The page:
Wednesday, June 6, 2012


ROBOT SUBS have discovered two Ancient Roman shipwrecks almost a mile deep in the high seas of the Ionian Sea between Greece and Italy — disproving the ages-old theory that ancient mariners always stuck close to the shore to improve chances of survival in event of peril.

And we can thank "Robot Archaeologists"  for finding these cargo vessels which went down 1,700 years ago.

The discovery of the 3rd Century shipwrecks between Corfu and Paxoi are the latest example of how 21st Century technology is proving to be a valuable tool for archaeologists. Satellite imagery is helping to map out tombs and even entire cities buried under the sands of Egypt while deep-sea submersibles are turning up sunken treasures which otherwise would go undiscovered.

Italian archaeologists, using state-of-the-art submersible probes and sonar, have discovered numerous ANCIENT ROMAN SHIPWRECKS in recent years which date to the era of the Antonine Emperors, including Hadrian and his heirs. 

The two Roman shipwrecks are the latest example, discovered at the bottom of the sea, nearly a mile deep, far beyond the reach of divers.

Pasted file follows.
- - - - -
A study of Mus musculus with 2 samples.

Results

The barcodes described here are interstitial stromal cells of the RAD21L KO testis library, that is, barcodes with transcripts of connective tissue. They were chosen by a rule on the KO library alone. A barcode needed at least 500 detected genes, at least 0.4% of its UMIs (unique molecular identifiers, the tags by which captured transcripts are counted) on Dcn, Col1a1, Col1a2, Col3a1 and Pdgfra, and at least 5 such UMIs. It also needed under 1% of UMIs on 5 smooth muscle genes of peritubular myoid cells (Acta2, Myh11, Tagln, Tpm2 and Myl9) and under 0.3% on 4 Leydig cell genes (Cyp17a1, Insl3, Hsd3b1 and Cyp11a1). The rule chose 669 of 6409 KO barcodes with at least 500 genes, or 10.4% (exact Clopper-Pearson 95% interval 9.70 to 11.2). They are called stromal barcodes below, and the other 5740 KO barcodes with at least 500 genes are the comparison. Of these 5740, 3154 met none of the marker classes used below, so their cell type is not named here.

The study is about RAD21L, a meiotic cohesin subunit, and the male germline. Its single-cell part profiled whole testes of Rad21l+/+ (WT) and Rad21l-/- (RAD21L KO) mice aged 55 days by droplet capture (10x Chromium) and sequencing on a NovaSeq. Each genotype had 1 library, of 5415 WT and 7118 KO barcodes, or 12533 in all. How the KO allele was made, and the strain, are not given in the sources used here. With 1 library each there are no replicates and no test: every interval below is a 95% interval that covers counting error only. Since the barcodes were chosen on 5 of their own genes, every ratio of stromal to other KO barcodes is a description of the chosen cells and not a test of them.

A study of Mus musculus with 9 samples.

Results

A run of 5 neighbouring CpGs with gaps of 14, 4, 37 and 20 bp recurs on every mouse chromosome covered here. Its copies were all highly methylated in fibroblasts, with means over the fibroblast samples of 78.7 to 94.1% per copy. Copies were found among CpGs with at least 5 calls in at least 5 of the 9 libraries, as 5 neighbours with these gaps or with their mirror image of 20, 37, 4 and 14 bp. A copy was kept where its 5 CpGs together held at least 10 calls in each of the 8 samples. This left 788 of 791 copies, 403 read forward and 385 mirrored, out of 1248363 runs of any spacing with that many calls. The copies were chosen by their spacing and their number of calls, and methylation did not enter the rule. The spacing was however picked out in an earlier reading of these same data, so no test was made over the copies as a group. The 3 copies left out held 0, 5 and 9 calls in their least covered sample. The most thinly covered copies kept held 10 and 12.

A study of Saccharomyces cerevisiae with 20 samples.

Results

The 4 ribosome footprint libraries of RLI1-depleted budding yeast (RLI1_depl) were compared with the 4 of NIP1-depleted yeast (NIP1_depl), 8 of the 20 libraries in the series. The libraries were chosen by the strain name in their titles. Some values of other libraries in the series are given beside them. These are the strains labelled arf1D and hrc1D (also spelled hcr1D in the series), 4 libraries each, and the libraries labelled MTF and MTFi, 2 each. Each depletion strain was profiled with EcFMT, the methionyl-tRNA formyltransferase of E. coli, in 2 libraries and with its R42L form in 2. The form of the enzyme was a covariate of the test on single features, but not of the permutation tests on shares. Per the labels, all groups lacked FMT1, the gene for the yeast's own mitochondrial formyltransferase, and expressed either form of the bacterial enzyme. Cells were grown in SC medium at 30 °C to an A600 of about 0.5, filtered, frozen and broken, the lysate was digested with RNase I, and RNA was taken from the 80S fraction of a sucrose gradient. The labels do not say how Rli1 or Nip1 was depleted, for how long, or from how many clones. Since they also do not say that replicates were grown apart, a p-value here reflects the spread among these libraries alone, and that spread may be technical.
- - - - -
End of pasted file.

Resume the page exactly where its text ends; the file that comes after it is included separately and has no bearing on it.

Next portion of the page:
How were they found? Thank evil fossil fuels. The wrecks were discovered by robot subs while surveying the route where a Greek-Italian gas pipeline is to be sunk. The Greek surveyor was examining a 77 square mile patch of seabed and their radar and robot submarines discovered amphorae (storage jars for food and drink), anchors, stones used for ballast and what looked like remains of wooden ships. They raised a marble vase and samples of pottery.

Angeliki Simossi, head of Greece's underwater antiquities department, told Nicholas Paphitis of the  Associated Press that one ship was amphorae usually produced in north Africa, so it might have sailed from there and headed for Greece after a stop in Italy.

The wrecks are from the third century A.D. and lend more evidence to the idea that bolder ancient shipmasters did not just stick to coastal routes and ventured into the open sea. Of course, since they are wrecks it also explains why more cautious trade captains absolutely did stick to coastal routes when they could.  Smaller vessels such as this, 80 feet long and usually loaded with cargo and not built for open water navigation, liked to be closer to land to save the crew if things went wrong.